BMW and other German automakers concerned with consumer privacy, control over user data, and cybersecurity have historically been leery of sharing car data with third-party technology providers like Apple and Google. For instance, Daimler, Audi, and BMW bought mapping technology unit Nokia HERE largely to ensure it had control over mapping data.
However, connected car platforms developed by Apple (AAPL) and Google (GOOG) have been harder for automakers to avoid. BMW (BMW) is the latest—in a growing list of automakers—that has announced plans this year to integrate Apple CarPlay and Google’s Android Auto into new models. Rumors that BMW would add the two voice-enabled platforms have been circulating since the summer. Harald Krüger, BMW’s chairman of the board, confirmed during the company’s quarterly earning report Tuesday that it would integrate both platforms in future models.
Vehicle connectivity and autonomous driving will shape the future of the automotive industry, Krüger said in a prepared statement read during the conference call. “Digitalization is transforming our entire business model—from customer touch points to mobility concepts and services, as well as to digitally-supported production.”
BMW decided to integrate CarPlay and Android Auto into future vehicles because the company wants its customers to be able to make full use of their smartphone’s features in the car as well, according to Krüger.
“Obviously, it is not in the interest of our customers to give third-party providers access to their data,”Krüger said. “For us, the protection of our customers’ data is top priority.”
Krüger didn’t provide further details about what kind of data protections the company would put in place or how the Google and Apple platforms would function with BMW’s existing infotainment system iDrive.
Apple CarPlay and Android Auto allow drivers to integrate their smartphone with a vehicle’s dashboard. Android Auto connects to Android smartphones, while CarPlay works with the iPhone. And they work about the same way. Once users plug their smartphone into the car’s USB port, the phone’s maps and navigation, music and selected apps are integrated onto the central screen. Both have similar features with a few notable differences—CarPlay users can only use Apple maps and they no longer have to plug the phones into the car’s USB port.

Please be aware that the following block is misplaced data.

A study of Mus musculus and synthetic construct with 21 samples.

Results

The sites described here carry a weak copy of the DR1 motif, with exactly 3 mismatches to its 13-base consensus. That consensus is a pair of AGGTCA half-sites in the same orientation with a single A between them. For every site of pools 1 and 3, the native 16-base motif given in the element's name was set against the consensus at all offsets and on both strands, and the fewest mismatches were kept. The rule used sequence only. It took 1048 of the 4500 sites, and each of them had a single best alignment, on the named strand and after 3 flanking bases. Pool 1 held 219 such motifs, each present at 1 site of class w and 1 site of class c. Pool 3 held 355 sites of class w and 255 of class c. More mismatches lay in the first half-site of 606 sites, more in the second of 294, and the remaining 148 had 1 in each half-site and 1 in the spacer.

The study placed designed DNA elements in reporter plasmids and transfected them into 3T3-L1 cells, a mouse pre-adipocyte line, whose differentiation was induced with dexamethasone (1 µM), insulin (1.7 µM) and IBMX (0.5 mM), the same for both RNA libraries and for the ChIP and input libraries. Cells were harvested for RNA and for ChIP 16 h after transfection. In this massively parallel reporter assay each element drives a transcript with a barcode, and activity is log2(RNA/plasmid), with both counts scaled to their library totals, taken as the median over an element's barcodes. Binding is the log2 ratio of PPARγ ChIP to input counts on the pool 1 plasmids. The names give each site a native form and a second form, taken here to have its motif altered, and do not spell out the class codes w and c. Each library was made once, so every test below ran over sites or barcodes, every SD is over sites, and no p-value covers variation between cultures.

Applications in both platforms can be controlled by voice, steering wheel controls, and touchscreen. They also will offer third-party audio apps, including iHeartRadio and Spotify. Google and Apple have even signed partnerships with many of the same automakers, including Audi, GM (GM), Kia, Ford (F) and now BMW.
CarPlay and Android Auto are relative newcomers. Apple introduced what would become CarPlay during the Apple Worldwide Developers Conference in 2013. But they’ve both made inroads with automakers sensitive to the growing demand of tech-savvy consumers who want the same look, feel, and functionality of a smartphone in their car. In-car infotainment systems can have a decidedly old-feel—and can be finicky and hard to use—when compared to the functionality and look of a smartphone.
Many automakers are still committed to their in-car infotainment systems, which can create a wonky experience for users of Android Auto or CarPlay. Right now, users have to switch out of CarPlay or Android Auto to change the temperature on the AC, adjust the radio or control the car’s features.
That might soon change. During Apple’s Worldwide Developers Conference in June, the company announced that in iOS 9 CarPlay will support apps by automakers. If automakers bite, it should lead to a smoother CarPlay experience.